South Pasadena Philanthropists Carolyn and Craig Watson are to be honored Tuesday October 10 as recipients of Pasadena Arts Council’s 2017 Gold Crown and AxS award at Art Center’s South Campus Rooftop Garden. They are being honored along with Pasadena Conservatory of Music Executive Director, Stephen McCurry and David Wilson and the Museum of Jurassic Thechnology.
Since 1965, the Pasadena Arts Council has honored individuals and organizations for their exceptional contributions to our region’s cultural landscape. The 2017 Gold Crown recipients are South Pasadena residents Carolyn and Craig Watson for their outstanding philanthropy and community service, and Stephen McCurry, for his leadership and artistic vision for the Pasadena Conservatory of Music. The AxS Award celebrates the textured conversations between the sciences and the arts that is both emblematic of Pasadena’s history, and equally fused with its future. The 2017 AxS recipient is David Wilson and The Museum of Jurassic Technology.
All proceeds from the event and from donors and patrons will support PAC’s mission to empower artists to invent, inspire, and provoke. PAC provides resources and opportunities for artists, collectives, and independent arts organizations to advance their visions and contribute to a vibrant, challenging, and inclusive creative community.
2017 AXS GOLD CROWN HOST COMMITTEE
Edgar Arceneaux and Sascha Robinett
Olin and Ann Barrett
Jerry and Terri Kohl
Margaret Wertheim, Director, Institute For Figuring
Carolyn Watson is an internationally recognized designer and restoration specialist as well as a dedicated philanthropist throughout the region. In 2015, Professional Child Development Associates (PCDA) of Pasadena, awarded Carolyn their Humanitarian of the Year honors. As further recognition of Carolyn’s specific interests in arts and youth, a group of her friends started the Carolyn Watson Arts Scholarship program at PCDA. This permanent fund provides much needed support, giving families a way to pay for high quality summer and after-school arts programming at PCDA.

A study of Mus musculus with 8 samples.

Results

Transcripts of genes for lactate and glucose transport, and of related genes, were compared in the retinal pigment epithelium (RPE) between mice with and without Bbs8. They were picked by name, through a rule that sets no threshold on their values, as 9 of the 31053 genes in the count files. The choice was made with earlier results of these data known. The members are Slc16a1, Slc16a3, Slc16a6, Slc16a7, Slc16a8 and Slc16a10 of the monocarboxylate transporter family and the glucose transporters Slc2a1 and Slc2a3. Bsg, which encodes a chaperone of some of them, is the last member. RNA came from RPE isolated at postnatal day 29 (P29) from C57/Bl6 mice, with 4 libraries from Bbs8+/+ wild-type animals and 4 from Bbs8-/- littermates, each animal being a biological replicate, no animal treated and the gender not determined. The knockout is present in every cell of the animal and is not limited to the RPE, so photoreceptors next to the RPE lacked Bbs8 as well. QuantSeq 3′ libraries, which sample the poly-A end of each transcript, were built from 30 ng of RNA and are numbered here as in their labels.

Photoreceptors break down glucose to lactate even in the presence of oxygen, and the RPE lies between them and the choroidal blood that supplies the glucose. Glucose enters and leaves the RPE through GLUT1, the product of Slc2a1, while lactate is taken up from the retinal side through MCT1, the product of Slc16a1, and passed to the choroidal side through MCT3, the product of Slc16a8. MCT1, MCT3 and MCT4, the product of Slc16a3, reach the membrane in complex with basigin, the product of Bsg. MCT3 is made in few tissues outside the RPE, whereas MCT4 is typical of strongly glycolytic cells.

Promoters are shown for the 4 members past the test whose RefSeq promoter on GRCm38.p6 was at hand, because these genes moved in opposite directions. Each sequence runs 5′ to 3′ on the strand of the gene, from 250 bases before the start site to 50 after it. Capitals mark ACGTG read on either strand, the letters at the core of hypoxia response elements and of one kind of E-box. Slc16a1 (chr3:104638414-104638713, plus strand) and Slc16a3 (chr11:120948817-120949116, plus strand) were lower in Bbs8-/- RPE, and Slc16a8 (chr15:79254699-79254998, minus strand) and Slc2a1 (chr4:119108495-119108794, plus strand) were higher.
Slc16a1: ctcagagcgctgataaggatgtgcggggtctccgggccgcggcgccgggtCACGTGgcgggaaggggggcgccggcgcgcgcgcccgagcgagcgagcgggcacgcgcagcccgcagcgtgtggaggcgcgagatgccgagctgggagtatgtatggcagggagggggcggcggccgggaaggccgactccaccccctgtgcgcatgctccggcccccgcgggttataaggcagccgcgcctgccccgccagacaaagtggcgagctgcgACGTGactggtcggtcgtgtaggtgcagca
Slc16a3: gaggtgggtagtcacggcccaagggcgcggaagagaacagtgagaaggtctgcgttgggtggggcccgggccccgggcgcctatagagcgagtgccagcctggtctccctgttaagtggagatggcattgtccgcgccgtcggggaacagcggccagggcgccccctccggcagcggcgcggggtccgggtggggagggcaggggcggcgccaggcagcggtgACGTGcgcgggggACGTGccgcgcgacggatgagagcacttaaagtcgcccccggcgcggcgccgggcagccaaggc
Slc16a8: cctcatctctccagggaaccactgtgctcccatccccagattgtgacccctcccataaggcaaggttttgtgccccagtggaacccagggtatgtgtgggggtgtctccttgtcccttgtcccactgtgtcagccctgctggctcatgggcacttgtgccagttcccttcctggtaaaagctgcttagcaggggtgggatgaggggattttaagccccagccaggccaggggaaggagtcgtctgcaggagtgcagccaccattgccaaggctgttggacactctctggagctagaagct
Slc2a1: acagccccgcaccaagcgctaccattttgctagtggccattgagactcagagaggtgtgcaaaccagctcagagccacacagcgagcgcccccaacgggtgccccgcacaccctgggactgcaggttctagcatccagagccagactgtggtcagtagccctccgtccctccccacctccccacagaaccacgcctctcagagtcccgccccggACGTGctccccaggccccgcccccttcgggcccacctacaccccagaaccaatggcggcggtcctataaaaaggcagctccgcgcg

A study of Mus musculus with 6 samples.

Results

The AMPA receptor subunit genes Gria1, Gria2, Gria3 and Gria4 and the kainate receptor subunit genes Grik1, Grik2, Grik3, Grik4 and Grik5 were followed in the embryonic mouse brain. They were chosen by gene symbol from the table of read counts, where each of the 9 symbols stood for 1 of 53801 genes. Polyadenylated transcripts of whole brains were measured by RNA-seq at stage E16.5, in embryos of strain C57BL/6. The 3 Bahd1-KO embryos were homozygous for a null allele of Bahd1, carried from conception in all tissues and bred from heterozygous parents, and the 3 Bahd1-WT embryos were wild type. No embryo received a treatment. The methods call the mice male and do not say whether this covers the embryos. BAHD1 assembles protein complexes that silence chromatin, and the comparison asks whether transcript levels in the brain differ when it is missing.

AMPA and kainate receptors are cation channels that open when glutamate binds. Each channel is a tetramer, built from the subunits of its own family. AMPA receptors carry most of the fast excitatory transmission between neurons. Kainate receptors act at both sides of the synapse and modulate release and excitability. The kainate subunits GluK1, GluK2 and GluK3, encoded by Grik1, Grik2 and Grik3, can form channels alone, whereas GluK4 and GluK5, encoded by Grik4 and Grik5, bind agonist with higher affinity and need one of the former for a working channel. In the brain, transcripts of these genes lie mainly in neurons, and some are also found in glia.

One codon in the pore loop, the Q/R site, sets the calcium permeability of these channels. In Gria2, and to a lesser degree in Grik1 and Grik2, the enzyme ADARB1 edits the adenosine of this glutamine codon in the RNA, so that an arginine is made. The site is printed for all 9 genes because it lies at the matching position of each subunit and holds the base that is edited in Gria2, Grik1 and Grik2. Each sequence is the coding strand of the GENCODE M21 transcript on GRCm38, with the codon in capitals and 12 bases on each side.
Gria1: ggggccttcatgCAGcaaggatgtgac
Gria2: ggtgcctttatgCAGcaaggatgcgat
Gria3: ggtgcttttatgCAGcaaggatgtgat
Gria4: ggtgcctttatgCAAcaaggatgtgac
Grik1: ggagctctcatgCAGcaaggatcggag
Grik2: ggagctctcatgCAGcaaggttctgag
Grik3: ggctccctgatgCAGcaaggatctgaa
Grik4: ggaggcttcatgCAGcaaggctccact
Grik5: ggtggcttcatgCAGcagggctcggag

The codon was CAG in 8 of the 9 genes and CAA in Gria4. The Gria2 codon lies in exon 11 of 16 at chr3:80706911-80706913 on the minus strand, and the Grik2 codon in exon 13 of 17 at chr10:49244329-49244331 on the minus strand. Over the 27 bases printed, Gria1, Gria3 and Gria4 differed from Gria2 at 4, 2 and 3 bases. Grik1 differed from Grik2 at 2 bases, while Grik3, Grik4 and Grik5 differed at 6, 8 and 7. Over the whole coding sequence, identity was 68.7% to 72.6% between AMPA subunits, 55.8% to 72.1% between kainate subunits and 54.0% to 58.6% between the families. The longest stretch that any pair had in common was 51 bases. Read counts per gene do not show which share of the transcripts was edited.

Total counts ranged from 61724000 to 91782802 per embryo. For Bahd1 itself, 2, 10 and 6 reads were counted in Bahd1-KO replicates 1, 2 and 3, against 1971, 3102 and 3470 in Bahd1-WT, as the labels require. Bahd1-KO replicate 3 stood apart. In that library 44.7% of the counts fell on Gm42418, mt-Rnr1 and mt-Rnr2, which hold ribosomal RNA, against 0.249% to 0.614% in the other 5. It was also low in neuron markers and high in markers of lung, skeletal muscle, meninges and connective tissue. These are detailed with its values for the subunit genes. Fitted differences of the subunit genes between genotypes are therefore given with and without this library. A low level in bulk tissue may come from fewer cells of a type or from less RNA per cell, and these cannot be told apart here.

In addition to her volunteer work for PCDA, Carolyn serves on the board of the Pasadena Symphony and Pops and is a member of the Fellows of the Huntington Library and the Art Center 100.
Craig Watson served as the Director of the California Arts Council from August 2011 through March 2017. Under his leadership, the budget of the CAC increased from $5 million to nearly $25 million and the Council took on many new initiatives to serve veterans, at-risk youth, after-school arts, and creative placemaking.
More recently, Carolyn and her husband Craig are helping revive the Eastern Sierra Symphony in Mammoth Lakes, California. The symphony brings top students from the Pasadena Conservatory of Music and the Colburn School each summer to play alongside seasoned symphony musicians from several top orchestras. She and Craig are also supporters of Street Symphony, a group of musicians dedicated to bringing life-changing musical experiences to the homeless and incarcerated communities of Los Angeles.
Carolyn and Craig recently started the Watson Design Group Scholarship at Art Center College of Design. In 2016, the Pasadena Branch of the NAACP, as recognition of their combined efforts, gave their highest cultural arts award the Watsons.
Stephen McCurry has served as the Executive Director of the Pasadena Conservatory of Music since 1992. Under his leadership, the Conservatory has grown from a small, local education program into an independent nationally-accredited music school enrolling approximately 1250 student annually and providing outreach programs to an additional 3000 students. Today, PCM offers a comprehensive, classically-oriented curriculum for students of all ages and presents over 100 recitals, concerts and master classes yearly.
David Wilson founded The Museum of Jurassic Technology in 1984, which chronicles an uncommon history of expression and innovation in the arts, humanities and sciences. In 2001 David was the recipient of a MacArthur Foundation Fellowship for his work with the Museum. Much of their programming highlights the intersection of arts, science and individuals, a concept integral to Pasadena’s own DNA.